Former head of Southeast Asia sales and trading at Goldman Sachs, banker Ng Chong Hwa, known as Roger Ng, is currently facing a litany of charges in the United States in relation to money laundering and bribery over 1MDB, a Malaysian sovereign wealth fund.
According the sources, Bloomberg reports that Ng is most concerned with fighting extradition to the US, where he would join his former Goldman colleague, Tim Leissner, who has already plead guilty to his Department of Justice rap sheet. Arrested in Malaysia last week at the behest of US authorities, he has since filed motions to review both his continued detention, as well as plans to extradite him to the US to face his charges.
Two months ago, Singapore ordered that the millions sitting in the city-state’s bank accounts that had been pilfered by various individuals from 1MDB were to be returned to Malaysia, a special bank account was set up to do just that – with S$15.3 million (RM46.6 million, US$ 11 million) having been transferred already.
Reports are now emerging that the former banked has agreed to hand over S$40 million (RM121 million, US$29 million) in cash to Singaporean authorities, who will return the money to Malaysia. Singapore had previously frozen the banker’s accounts.
Something tells us that while Malaysian officials appreciate the gesture in returning part of what may have been taken, United States authorities will probably remain unmoved.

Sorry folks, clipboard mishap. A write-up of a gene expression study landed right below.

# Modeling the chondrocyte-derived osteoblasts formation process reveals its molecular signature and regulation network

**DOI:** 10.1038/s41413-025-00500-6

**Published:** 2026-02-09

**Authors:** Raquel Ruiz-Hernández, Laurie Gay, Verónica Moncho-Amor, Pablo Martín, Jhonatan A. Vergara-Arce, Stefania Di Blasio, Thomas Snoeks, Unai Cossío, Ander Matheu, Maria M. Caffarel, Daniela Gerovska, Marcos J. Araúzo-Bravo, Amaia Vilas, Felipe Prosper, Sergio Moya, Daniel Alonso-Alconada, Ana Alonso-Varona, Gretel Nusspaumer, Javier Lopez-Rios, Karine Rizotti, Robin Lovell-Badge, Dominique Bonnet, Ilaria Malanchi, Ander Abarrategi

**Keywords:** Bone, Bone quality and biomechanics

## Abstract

Leissner has already told the US Department of Justice that he did indeed bribe officials to raise funds, arranging them as debt offerings that would incur higher fees for his employer. Mr. Kimore Lee has also plead guilty to siphoning off more than US$200 million from 1MDB into accounts controlled by him and a relative.
Not the greatest look.
Although Ng resigned from his post in April of 2014, as the gravity of the scandal was just hitting international headlines, he is still said to have played a key role in raising US1.75 billion in 1MDB bonds for the bank two year prior.
Global banking powerhouse Goldman Sachs has been under the microscope for their part in raising US$6.5 billion for the sovereign wealth fund, and for the handsome, well-above market rate fee they took from the raising of three bonds.
Their current CEO, David Solomon (who also spins as DJ Sol, if you’re into weird facts like us), has said they feel “horrible” about what their former employees did, which is pretty much the kind of sorry you get when no one really feels that bad about anything.